One of the hot potatoes in any election season is whether or not one party or the other supports increasing the voter base. The Left will claim that the Right is seeking to suppress the number of people who can and may vote, rather than expand the number. The Right argues that the Left is seeking to contort the voting process by opening it up to everyone, legal, illegal, registered, or not registered, and is hell-bent on skewing election results on the local, state, and federal level.
After the smoke has cleared, only two ways to increase voter participation exist, assuming, of course, that we’re talking about valid, registered U.S. citizens who have a legal right to vote in the United States. The best way to increase voter participation is by maintaining or restoring public confidence in the voting process. The second way is by encouraging people to participate.
Restoring Public Confidence vs Forcing Voter Participation
Long before the internet, television, and the mass media conglomerates who rule the airways, a significant percentage of U.S. citizens routinely voted. From 1850 to 1900, what one might call "pre-mass media America," the participation rate of the voting age population hovered above 77 percent.
Contrast that percentage with what has transpired in this century. Since 2000, the participation rate has averaged under 56 percent, a drop of more than 20 percent. One can ruminate as to why the participation rate has tanked: Seeking to thrive in our fast-paced culture, some voters will regard themselves as “too busy.”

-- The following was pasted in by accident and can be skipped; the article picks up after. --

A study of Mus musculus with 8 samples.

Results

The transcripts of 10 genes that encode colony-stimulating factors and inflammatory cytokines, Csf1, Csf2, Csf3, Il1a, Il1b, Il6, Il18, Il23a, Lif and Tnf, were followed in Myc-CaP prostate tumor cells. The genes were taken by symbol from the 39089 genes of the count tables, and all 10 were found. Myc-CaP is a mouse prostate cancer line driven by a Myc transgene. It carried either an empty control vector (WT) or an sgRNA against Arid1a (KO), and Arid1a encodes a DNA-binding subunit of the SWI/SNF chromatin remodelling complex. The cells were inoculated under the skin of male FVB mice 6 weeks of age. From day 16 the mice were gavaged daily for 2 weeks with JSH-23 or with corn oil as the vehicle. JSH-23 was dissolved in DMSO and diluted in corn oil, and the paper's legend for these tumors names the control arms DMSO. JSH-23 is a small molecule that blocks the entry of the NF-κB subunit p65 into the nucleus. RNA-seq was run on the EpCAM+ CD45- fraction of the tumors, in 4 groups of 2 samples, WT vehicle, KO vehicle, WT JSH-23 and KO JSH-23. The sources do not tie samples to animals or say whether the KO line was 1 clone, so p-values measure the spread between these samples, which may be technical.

Some people will rationalize that, “My vote isn’t really going to matter.” Some who are qualified to vote, haven’t paid attention to candidates or issues. Others regard the system as rigged. In their view, “Why bother?"
Voter I.D. Matters
Restoring public confidence can be achieved by eliminating obvious fraud-friendly loopholes in election law. In true democracies, participation rates rise noticeably, for example, in elections that require voter I.D. This finding might be surprising to many people, but it has been proven time and time again.
States that enact effective voter I.D. legislation experience increases in participation rates among all population groups. And why not? As public trust in the voting process rises, the number of people who decide to get off of their duffs, register, and vote rises as well.
As John Fund, currently the national affairs columnist for National Review magazine and a senior editor at The American Spectator wrote in his book, Stealing Elections, when Indiana enacted effective voter I.D. legislation, black voter participation actually rose. Indeed, states with strict voter I.D. laws can witness greater black voter participation rates in some cases than even white voter participation rates.
When pundits and politicians seek to disparage the value of voter I.D., some legitimate voters tune out of the process altogether. “A political cabal so out of touch with reality that they cannot promote honest elections, discredits our entire democracy, and drives down participation accordingly,"Jay DeLancy, head of the Voter Integrity Project of NC, told me.
To raise the rate of legitimate voter participation, leaders must strive to restore public trust in the process. Most people today understand the need for valid I.D. in nearly every walk of life and they support voter I.D. Funny how that seems to be at odds with dishonest politicians.
Should Every Citizen Vote?
Not all experts on voting and elections agree that greater voter participation is beneficial. Some argue, legitimately, that inducing individuals to cast a vote when they don’t understand the ramifications makes no sense, and doesn’t strengthen democracy.
When parties on the Left or Right, Green or Libertarian, induce otherwise reticent and perhaps under-informed citizens to vote, is the nation served well? In general, greater voter participation is good for the country and for democracy, and greater voter participation works best when such voters are alert, aware, informed, and self-motivated to vote.